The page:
From a fabulous blast of ostentatious brass comes perhaps the most famous and heralded of all Bond songs, Goldfinger, catapulted into legend by Shirley Bassey's thunderous delivery and John Barry's sexy underscore. The tone of the song was to set the tone of the fledgling franchise: hip, groovy but more than a little tongue-in-cheek. Arguably the best, most iconic Bond offering, it sees Sean Connery on peak form, fending off an attempt to irradiate Fort Knox by the film's titular villain (Gert Frobe). Along the way he also has to contend with Honor Blackman's alluring, if sexually ambivalent, Pussy Galore, and Harold Sakata's bowler-hat wielding Oddjob (the final confrontation with whom is one of the best battles in Bond history). Scenes and images have passed into history, from the gadget-laden Aston Martin to the infamous Golden Girl.
It was here that the franchise caught lightning in a bottle: a perfect mix of parody, humour and genuine thrills. Sadly, not all Bond films were to deliver this blend with such exquisite perfection. Equally responsible for sealing Bond as an iconic figure was Barry himself, on his second outing (after From Russia with Love). Although there has been debate about the relative importance of contributions made on the actual Bond theme, what can't be argued is Barry, with Goldfinger, defined not only the sound of the films but the sound of swinging 60s adventure.
The latter is largely down to the beautifully intricate incidental suspense pieces that take up much of the soundtrack. The orchestration boasts a cool, laid back attitude. Even when the sound rarely raises above a moody grumble, the little touches, like a tinkling of triangle for Oddjob or the staccato brass in the opener "Bond Back in Action Again" simply screams bravado. Likewise, pieces such as "The Laser Beam", "Death of Tilley" and "Gassing the Gangsters" are classic Barry mood builders, building in minimalist fashion to a brazen climax. Frustratingly this expanded release, as with other Bond re-issues, is arranged out of order; organising the tracks properly presents the listening experience as it should be.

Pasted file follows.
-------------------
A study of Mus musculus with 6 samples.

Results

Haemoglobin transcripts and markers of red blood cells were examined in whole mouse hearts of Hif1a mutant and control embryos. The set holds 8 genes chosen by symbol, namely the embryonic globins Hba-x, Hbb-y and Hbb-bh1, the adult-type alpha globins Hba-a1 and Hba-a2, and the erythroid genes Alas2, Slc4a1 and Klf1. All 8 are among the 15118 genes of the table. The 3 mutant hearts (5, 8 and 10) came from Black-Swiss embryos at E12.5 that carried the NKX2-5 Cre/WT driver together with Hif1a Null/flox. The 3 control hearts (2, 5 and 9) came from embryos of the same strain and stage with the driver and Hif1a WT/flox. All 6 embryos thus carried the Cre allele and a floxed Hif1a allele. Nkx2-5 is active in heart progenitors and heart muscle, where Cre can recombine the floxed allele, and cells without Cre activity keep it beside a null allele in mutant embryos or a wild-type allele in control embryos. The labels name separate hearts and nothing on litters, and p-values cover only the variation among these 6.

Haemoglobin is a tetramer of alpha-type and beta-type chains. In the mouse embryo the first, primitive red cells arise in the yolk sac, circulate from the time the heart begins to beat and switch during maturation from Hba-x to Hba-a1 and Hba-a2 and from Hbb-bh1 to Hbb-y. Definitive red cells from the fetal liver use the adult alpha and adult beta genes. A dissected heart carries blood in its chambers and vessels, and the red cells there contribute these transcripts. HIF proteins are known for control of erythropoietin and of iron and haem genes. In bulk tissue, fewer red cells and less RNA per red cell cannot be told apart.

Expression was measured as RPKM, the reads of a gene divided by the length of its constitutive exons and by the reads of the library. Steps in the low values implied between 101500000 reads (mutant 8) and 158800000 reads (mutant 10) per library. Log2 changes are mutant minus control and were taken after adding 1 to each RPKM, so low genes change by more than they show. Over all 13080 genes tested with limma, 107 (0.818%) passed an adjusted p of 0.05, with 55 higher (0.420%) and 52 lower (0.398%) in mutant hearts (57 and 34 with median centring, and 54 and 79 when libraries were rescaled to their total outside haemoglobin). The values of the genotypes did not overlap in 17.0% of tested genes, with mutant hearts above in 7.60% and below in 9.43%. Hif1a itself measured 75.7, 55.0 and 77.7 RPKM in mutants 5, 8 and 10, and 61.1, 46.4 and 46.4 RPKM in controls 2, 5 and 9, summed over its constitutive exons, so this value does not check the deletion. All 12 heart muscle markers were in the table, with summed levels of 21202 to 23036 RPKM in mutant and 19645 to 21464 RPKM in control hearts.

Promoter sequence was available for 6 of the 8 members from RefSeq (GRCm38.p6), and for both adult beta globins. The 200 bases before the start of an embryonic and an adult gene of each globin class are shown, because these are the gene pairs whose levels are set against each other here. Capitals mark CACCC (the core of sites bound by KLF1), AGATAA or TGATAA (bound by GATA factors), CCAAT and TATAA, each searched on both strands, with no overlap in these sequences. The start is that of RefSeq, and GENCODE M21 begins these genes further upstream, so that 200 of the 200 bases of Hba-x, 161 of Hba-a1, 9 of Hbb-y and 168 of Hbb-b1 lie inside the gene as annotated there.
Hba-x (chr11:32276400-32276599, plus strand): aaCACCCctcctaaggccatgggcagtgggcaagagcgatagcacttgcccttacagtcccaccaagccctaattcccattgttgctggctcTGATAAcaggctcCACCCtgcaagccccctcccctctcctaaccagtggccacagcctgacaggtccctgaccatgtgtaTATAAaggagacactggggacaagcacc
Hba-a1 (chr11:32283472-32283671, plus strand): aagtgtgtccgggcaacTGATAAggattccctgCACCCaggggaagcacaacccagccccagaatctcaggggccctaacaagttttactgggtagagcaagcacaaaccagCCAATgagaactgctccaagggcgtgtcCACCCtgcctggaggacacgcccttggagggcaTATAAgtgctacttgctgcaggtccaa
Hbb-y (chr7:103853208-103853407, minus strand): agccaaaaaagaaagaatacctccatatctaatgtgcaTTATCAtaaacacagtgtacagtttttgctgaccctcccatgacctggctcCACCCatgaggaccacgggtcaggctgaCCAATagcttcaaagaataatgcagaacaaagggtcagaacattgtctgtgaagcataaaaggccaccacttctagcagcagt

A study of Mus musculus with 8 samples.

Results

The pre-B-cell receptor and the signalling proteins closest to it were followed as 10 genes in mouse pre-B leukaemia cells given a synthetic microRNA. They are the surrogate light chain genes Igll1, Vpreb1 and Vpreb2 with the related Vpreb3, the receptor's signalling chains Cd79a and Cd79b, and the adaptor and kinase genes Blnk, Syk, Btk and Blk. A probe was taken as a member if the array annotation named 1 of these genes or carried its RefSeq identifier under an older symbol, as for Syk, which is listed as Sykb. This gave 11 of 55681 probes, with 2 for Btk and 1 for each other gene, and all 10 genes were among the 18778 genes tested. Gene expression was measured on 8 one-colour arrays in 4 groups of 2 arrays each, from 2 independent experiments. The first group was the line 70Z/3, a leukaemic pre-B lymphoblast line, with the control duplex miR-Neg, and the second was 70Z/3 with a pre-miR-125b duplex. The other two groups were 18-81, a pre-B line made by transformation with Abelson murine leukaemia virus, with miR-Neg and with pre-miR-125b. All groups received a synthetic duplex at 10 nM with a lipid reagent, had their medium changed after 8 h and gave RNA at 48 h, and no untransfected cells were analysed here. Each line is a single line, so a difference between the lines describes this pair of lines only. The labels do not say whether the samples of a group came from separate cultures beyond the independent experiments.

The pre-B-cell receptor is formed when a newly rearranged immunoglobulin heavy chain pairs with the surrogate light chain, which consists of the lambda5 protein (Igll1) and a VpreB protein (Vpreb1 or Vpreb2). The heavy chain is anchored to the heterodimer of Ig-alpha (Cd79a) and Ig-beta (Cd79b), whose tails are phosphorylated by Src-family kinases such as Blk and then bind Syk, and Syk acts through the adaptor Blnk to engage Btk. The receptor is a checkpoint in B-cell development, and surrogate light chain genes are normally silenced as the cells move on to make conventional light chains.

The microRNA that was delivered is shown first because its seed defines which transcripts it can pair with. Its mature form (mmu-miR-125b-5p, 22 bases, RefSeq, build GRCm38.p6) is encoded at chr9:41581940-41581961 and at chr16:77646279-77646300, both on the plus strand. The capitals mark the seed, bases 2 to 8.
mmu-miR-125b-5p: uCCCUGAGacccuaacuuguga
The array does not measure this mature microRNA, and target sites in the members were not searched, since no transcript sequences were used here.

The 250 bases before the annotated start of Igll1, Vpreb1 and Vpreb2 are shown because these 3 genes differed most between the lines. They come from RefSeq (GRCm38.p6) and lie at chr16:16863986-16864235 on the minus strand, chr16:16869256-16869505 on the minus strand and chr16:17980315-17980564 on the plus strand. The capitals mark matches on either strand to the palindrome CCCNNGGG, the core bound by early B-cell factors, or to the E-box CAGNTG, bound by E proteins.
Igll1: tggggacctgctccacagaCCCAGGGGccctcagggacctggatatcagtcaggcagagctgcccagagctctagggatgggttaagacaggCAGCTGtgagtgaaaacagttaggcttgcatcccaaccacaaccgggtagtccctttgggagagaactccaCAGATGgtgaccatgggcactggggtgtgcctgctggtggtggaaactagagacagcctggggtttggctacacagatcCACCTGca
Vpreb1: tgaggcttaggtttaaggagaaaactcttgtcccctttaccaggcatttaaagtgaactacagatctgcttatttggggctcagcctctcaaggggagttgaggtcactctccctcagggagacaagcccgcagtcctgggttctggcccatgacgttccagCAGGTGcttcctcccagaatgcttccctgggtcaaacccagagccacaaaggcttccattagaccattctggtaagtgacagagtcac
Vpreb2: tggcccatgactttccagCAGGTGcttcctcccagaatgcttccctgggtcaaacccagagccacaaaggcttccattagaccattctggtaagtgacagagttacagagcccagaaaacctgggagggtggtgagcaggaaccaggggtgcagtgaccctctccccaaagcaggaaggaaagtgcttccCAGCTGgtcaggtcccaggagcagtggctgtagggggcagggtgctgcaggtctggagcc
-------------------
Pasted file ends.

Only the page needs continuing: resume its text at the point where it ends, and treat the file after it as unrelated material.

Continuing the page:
When the composer really lets go, it becomes something truly special. "Oddjob's Pressing Engagement" presents the title theme in a tremendously loud, brassy context, the kind that makes one realise no-one ever scored Bond like Barry. "Into Miami" meanwhile, at the start of the album, is a terrific, swinging jazz piece, perfect for introducing audiences to the era of the film. The action highlight however must be the wonderful "Dawn Raid on Fort Knox", a repetitious, terrific collision of martial drums and the soaring orchestra as Pussy Galore's flying circus swoop over the depository and appear to, hilariously, knock everyone out cold. For someone not known for his action material (most of the rest of the Bond scores are also composed in the singular, moody idiom), this track proves Barry can do it with the best of them.
There are two more exciting action tracks toward the conclusion, "The Arrival of the Bomb" and "The Death of Goldfinger", wonderfully ominous efforts full of building timpani rolls, xylophones and sultry brass stings that would heavily influence subsequent material in the following movies. "End Titles" and the guitar-led "Goldfinger Instrumental" brilliantly restore the sexy sense of attitude and firmly indicate the tongue-in-cheek attitude Barry has taken with the material (the only way to go, let's be fair).
Although Barry has been justly acclaimed for incisive dramatic efforts like The Lion in Winter and huge romantic epics like Out of Africa or Dances with Wolves, the groundwork for all his subsequent success can be heard in scores like Goldfinger. Jerry Goldsmith once expressed admiration that Barry was able to reinvent himself on a continual basis with the Bond franchise; Goldfinger, however, found him at the absolute peak of his 007 game: shaken, and stirred. You can find this soundtrack CD (the digitally remastered edition) at Amazon.co.uk in the UK, or Amazon.com in the US.